What will students learn?
Students begin their study of English Literature with two drama texts: A Streetcar Named Desire and Othello to build upon their knowledge of stagecraft from GCSE, and begin to introduce them to critical interpretations of texts. The focus then moves to comparison of prose texts before students study and compare modern poetry, then the Romantic poetry of Keats.
In KS5 students will study
How will students receive feedback?
At Paddington, all students will receive regular feedback from formative assessment tasks. Within the curriculum, specific tasks are allocated for feedback. This ensures all students gain regular feedback. Teachers will mark student work and provide targeted feedback that enables students to improve their work and make progress. To support student understanding, teachers plan high-quality re-teach time to prepare students for their feedback. Across each term, students will receive feedback from multiple tasks.
What examinations / assessments do students have at the end of KS5?
Exam board: Edexcel
Students will sit three exams at the end of year 13, and complete one piece of Non-Exam Assessment (coursework) during their two-year study:
Paper 1: Drama (2hr 15mins)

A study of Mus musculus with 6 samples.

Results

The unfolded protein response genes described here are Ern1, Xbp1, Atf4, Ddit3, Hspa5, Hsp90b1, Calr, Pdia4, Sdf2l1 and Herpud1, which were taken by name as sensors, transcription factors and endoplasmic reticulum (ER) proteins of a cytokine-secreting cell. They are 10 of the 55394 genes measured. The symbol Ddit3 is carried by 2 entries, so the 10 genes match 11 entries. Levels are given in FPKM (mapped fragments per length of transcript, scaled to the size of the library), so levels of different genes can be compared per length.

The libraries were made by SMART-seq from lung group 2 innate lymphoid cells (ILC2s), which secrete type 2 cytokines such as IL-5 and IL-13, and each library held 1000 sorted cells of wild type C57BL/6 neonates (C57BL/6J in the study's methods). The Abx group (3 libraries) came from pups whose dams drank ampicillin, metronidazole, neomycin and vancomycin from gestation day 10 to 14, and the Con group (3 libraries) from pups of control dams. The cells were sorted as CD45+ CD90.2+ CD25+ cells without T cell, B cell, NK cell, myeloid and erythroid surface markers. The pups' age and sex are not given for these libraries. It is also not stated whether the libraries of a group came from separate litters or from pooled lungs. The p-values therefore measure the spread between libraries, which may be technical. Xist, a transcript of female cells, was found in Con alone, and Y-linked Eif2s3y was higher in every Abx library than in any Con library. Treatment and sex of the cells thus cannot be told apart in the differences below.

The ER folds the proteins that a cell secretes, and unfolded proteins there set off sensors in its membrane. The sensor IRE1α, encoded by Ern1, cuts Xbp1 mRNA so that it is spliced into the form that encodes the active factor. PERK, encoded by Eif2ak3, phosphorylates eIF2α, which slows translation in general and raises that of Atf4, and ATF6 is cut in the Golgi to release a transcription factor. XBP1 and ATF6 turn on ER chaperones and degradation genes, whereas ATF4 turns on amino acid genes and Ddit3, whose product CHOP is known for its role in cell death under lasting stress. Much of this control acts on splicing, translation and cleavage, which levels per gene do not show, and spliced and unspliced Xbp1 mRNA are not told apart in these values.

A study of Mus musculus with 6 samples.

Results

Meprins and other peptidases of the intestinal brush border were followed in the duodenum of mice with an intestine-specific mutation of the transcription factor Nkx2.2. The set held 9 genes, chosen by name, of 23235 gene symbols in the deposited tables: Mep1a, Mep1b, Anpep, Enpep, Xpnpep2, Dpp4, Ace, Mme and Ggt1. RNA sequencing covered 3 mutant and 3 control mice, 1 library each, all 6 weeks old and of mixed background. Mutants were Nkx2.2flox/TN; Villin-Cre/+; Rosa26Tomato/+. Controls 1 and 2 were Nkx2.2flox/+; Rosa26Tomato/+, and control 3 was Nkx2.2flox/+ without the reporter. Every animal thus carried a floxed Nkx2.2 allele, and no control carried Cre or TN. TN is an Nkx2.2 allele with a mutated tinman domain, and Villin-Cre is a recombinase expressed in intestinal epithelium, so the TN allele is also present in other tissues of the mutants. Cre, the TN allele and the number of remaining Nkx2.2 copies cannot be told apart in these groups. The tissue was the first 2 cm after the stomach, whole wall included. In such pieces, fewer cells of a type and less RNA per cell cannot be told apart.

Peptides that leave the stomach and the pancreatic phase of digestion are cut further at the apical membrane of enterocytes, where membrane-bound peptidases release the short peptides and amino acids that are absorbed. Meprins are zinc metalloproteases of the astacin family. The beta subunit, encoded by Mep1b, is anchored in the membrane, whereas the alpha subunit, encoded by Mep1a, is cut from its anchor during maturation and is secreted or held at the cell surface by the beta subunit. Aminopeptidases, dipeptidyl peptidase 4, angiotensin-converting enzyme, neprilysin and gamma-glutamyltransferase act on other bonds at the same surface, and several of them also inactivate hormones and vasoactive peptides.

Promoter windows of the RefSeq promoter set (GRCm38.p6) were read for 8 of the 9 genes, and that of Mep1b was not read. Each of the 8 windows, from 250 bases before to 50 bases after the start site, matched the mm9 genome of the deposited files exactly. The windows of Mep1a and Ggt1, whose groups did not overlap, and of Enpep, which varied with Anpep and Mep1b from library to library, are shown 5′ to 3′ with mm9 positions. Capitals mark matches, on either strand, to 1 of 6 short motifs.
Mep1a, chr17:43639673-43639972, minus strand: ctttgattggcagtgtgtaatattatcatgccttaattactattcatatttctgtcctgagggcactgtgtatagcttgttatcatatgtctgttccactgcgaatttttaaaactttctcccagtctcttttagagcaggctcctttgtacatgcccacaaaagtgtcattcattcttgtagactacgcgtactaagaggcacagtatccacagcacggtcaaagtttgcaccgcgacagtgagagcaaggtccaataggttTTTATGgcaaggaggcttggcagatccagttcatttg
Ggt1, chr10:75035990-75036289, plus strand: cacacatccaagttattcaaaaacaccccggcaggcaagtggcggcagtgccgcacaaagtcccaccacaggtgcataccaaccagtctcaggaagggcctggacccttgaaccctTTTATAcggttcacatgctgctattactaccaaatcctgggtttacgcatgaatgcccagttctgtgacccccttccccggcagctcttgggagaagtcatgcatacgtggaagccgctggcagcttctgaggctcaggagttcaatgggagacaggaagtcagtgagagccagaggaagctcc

Section A: Shakespeare’s ‘Othello’: one essay question, incorporating ideas from wider critical reading
Section B: Williams’ ‘A Streetcar Named Desire’: one essay question
Paper 2: Prose
Students answer one comparative essay question from a choice of two on their studied theme and texts (‘The Handmaid’s Tale’ and ‘Frankenstein’)
Paper 3: Poetry
Section A: Post-2000 Specified Poetry: ‘Poems of the Decade. One comparative essay question on an unseen modern poem written post-2000 and one named poem from the studied contemporary text
Section B: Specified Poetry Pre- or Post-1900: John Keats One comparative essay question
Coursework: Comparative essay on two texts, chosen by students. The essay must include references to critics and wider reading
What resources can be used to support learning?
- Knowledge organisers are used to develop students’ knowledge of core knowledge in each cycle. Students can use this to revise key information through self-quizzing.
- Seneca learning is used to help students learn and memorise key context. Teachers set Seneca tasks weekly in addition to homework.